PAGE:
Dining for Women’s Impact: Hamsatou and Fadimata’s Story

Caravan to Class was Dining for Women’s Featured Grantee in March 2017. Dining for Women’s $42,260 grant was used to train 200 women in 10 villages in classical literacy, teaching them basic reading, writing, and calculating in their local languages to both improve their livelihoods and empower this group of women to be important advocates for education in their villages. The following story was provided by Barry Hoffner of Caravan to Class.

In 2014, Caravan to Class built a French-based school for 120 children ages 6-12 years old. Before we agree to build a school in a village near the fabled Timbuktu in Mali, we do a detailed study on the village to be confident that it has the scale needed to create a successful school environment. We soon realized that the attendance of the Samdiar school was much beyond our expectation because many children from the nearby village of Kakondji were going to the Samdiar school by boat along the Niger river, Africa’s third longest. As a result, Caravan to Class decided to build a school in the village of Kakondji in 2015.

Hamsatou is a student in the Kakondji school. She is the first in her family ever to attend formal school and has made great progress in learning French. Before Caravan to Class built the Kakondji school, Hamsatou spent most of the day helping her mother out with chores in a village where former nomads eke out an existence from farming and goat-herding. Relative to inland villages further into the desert, the villages along the Niger river, like Kakondji, are somewhat prosperous but it is all relative. Residents still live very basically in mud-huts, without electricity, and many are without schools.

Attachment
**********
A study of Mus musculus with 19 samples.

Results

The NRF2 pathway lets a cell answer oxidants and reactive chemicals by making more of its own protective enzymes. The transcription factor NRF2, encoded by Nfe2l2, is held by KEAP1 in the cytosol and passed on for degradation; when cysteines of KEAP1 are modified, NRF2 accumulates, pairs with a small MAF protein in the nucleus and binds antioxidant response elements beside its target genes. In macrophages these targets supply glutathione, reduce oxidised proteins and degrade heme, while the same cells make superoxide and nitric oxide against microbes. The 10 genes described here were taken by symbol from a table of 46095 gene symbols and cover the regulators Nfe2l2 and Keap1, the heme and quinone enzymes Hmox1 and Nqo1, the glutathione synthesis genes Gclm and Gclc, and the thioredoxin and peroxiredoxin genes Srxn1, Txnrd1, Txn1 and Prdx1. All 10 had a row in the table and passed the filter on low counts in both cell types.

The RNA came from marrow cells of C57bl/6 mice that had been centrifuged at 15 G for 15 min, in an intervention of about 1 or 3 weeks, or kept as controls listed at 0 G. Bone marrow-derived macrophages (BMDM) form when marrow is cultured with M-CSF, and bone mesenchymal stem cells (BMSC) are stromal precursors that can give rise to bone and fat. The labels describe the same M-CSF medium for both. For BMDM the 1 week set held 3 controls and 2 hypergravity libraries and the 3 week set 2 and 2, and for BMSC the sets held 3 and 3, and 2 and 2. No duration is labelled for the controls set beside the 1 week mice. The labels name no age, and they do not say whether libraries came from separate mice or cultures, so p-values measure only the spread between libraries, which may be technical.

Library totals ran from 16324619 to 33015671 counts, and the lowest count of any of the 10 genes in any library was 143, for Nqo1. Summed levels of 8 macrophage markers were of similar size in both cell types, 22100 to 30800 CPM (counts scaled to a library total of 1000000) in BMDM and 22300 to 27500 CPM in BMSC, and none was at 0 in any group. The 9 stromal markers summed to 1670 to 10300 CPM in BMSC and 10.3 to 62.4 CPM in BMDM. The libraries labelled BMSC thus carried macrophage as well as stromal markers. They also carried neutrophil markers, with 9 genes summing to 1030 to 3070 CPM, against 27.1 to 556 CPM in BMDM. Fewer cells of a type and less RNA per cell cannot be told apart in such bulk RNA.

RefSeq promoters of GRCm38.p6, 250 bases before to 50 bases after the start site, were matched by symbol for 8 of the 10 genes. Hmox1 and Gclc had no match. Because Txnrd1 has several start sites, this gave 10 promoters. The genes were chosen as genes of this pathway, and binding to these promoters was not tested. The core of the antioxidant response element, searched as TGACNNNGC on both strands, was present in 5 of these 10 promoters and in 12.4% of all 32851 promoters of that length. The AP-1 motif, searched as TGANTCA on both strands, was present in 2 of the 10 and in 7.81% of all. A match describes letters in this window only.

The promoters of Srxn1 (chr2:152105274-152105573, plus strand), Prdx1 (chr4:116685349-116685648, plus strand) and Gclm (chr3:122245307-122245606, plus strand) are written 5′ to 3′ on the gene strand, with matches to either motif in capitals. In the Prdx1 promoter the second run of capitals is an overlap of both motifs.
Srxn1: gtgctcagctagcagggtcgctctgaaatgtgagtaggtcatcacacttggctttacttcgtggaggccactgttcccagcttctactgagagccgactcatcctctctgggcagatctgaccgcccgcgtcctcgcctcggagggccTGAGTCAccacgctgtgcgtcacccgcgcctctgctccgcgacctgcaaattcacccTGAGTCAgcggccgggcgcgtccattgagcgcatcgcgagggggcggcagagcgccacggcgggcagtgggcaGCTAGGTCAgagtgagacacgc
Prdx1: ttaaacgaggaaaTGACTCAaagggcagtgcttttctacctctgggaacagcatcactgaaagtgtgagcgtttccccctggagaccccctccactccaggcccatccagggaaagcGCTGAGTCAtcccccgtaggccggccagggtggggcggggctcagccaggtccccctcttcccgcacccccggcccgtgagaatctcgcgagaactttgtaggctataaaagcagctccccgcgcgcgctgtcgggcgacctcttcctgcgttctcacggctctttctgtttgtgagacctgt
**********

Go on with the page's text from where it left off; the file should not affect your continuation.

One of Caravan to Class’ importance assessments is our subjective opinion on the commitment of the village, including parents, to send their children to the school we plan to build in their village. From a pilot Female Adult Literacy program in the nearby village of Samdiar, we realized that the mothers both were able to learn basic literacy skills and be better advocates for education with their children, particularly girls, when we implement our Female Adult Literacy program.

In 2017, Dining for Women partnered with Caravan to Class to expand our Female Adult Literacy program to 10 villages over two years including the village of Kakondji. As a result, while Hamsatou was learning French, her mother, Fadimata, was learning basic literacy and numeracy skills in the local language of Songhai. In 2017, Caravan to Class won the coveted World Food Program USA Catherine Bertini award for our work in Female Adult Literacy, being one of only two charitable organizations.

Fadimata was overjoyed to pass her basic literacy class at the end of the program in 2017, administered by the Timbuktu Ministry of Education, saying “Illiteracy is a disease! Before we felt like we were in darkness, now we find ourselves able to read and write basic things and better appreciate the importance of schooling for our children.”

Click here to view a short video of Hamsatou and her mother Fadimata.